I probably got my usual pace at the same store as you did Darin!

Originally Posted by BamZipPow View Post
How about this train of thought...

Something like one of those collapsible cups but in a bigger format to fit the back of the vehicle. It could be made out of coroplast quite easily fer shape and low weight. Attach it to the back of the vehicle, pull it out and lock it in place when you need the aero capabilities and unlock/collapse it back down when you don't need it.

Do you really need to go to the very edge to git all of the aero effects? Can't you just kinda step it down from the edges to git some effect? Sort of a step/chop of the extension...a compromise? Just a thought...


Set up a stool on the driveway, got out the duct tape and taped one of the tubes between the stool and the car, extending the existing angle of the Kammback (~15 degrees). Spent a long time staring at things.

Fired up Photoshop. Drew some lines.



Then I chose 130 cm / 52 inches as the length of the boat tail (roughly to the vertical green line. Two reasons: partly for aesthetic proportions because it's close to length of the car's existing "sections" (hood / door / rear), and 2) partly because the longest aluminum tubes will fit crosswise in the back of the car.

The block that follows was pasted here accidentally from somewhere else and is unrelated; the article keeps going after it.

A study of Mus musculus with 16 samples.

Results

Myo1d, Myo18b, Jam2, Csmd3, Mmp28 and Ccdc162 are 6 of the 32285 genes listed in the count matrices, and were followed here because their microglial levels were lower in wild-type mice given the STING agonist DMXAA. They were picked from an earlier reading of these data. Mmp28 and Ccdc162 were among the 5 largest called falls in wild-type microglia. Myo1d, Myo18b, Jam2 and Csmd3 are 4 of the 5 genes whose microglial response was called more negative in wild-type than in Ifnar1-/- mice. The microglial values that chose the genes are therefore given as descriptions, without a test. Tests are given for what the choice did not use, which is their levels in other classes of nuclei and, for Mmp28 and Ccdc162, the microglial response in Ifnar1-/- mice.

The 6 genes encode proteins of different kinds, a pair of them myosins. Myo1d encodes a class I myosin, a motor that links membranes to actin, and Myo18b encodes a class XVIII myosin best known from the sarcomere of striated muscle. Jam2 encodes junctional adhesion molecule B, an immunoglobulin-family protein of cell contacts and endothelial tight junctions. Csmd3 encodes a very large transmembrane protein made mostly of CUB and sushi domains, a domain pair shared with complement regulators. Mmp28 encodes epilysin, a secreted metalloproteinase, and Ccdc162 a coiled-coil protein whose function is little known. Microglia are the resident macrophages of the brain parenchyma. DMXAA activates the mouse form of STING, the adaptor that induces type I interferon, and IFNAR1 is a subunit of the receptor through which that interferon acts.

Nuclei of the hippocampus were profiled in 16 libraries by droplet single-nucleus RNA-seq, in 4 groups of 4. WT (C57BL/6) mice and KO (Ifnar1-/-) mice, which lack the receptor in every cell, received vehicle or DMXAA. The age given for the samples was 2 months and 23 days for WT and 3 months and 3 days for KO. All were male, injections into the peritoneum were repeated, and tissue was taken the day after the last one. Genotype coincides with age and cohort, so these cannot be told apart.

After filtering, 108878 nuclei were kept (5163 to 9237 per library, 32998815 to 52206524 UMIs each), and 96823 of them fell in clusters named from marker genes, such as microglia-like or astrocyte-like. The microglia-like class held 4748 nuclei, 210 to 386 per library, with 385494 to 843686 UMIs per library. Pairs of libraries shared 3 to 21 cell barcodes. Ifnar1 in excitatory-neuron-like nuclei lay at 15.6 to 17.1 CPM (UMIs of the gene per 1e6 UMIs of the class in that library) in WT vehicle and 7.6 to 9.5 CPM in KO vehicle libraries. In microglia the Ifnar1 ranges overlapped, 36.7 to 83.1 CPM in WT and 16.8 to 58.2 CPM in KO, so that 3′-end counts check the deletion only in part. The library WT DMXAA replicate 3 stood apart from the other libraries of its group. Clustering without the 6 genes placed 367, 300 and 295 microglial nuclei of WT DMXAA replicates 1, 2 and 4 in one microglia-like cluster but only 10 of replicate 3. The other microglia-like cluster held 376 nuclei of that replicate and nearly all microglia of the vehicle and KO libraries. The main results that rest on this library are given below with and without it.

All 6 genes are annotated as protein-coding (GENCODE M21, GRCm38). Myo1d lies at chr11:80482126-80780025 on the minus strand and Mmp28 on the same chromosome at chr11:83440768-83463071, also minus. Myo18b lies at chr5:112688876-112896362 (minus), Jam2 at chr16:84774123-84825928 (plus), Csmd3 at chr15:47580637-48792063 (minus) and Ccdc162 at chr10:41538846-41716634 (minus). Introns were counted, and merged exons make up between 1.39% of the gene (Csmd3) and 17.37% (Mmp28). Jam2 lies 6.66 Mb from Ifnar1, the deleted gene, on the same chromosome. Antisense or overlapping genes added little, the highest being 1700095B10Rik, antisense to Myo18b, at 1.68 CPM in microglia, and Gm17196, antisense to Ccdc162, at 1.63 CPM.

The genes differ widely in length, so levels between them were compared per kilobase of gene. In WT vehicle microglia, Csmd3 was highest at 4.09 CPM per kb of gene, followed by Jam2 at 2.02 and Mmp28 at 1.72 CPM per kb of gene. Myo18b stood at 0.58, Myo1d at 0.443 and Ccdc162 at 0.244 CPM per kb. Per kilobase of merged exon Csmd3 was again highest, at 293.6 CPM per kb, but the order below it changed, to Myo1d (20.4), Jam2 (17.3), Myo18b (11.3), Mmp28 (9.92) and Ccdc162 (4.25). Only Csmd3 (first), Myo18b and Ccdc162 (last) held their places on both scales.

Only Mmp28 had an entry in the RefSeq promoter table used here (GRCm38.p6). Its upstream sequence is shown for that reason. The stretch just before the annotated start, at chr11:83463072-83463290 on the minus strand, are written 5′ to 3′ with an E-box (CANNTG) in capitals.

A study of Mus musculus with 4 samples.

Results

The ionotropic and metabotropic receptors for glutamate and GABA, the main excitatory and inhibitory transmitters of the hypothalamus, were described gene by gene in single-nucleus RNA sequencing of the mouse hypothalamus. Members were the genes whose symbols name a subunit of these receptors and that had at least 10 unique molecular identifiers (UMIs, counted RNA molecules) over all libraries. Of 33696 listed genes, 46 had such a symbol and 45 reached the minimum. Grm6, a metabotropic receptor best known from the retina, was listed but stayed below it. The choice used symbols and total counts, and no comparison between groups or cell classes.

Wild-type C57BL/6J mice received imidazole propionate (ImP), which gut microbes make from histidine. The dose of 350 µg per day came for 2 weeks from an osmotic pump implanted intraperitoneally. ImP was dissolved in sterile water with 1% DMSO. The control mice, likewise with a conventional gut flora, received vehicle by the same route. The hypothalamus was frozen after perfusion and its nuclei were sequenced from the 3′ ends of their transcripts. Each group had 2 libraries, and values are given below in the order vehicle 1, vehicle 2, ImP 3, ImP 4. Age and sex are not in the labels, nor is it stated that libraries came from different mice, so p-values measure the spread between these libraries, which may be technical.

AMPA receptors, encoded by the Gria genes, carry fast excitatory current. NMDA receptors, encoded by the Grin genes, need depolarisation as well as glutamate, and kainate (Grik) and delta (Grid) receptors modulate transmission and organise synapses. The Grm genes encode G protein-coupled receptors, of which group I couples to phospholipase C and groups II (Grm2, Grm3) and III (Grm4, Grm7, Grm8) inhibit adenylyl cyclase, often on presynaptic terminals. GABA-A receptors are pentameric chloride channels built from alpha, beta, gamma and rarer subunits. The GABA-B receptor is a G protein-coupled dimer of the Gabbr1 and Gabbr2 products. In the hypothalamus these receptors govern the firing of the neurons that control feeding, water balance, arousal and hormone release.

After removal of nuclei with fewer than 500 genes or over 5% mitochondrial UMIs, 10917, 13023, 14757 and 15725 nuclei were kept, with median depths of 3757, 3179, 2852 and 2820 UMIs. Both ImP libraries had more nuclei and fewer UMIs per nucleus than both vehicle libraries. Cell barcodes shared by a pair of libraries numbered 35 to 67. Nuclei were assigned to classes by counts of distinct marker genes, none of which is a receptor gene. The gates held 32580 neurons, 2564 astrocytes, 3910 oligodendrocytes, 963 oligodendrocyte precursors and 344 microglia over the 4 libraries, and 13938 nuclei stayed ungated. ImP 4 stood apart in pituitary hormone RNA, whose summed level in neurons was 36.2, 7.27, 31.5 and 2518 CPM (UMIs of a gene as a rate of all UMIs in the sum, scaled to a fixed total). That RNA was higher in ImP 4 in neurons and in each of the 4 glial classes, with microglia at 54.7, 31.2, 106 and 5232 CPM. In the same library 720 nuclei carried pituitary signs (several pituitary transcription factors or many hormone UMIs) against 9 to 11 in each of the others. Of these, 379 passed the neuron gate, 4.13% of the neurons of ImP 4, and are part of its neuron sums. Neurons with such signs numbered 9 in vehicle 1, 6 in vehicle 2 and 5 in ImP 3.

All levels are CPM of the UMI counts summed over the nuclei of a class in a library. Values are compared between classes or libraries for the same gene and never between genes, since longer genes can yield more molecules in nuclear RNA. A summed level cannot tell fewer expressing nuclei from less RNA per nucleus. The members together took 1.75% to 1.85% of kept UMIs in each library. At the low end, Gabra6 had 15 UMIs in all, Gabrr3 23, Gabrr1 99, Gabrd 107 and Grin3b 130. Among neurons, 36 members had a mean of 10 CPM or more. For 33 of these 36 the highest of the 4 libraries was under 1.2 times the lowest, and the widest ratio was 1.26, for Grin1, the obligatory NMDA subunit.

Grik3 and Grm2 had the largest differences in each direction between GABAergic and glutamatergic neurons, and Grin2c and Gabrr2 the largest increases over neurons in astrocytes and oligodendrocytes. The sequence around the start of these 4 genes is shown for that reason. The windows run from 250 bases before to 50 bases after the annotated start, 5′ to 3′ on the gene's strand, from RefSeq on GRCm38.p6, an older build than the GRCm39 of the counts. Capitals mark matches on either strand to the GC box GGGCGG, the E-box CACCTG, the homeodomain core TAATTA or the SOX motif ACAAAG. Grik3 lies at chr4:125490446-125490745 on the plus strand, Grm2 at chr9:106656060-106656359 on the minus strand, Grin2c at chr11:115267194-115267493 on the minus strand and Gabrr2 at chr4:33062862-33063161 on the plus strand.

I think I'm going to aim for a 6 degree bottom angle, approximately what's shown there (don't do the photoshop measurement to check my work on this image - it's 5 degrees there.)

Bicycle Bob advocates for no more than a 4 degree angle. Unfortunately, that will leave the end of the tail a bit lower than I'd like for departing slope angles from the back tire.

I've since made a cardboard "transom", and four struts. Mounted on the car.

Plan is to make an aluminum + cardboard skinned prototype tail based on these angles and tuft test it.

Should have a couple of photos of construction this weekend.
Another approach to departure angle is to leave the attachments a bit loose at the bottom, so that the whole assembly can ground out without damage and slip back into position, if anybody really wants to get fussy.

Interesting idea for a possible "tail strike". Could put a little wheel under the bottom of the tip, too.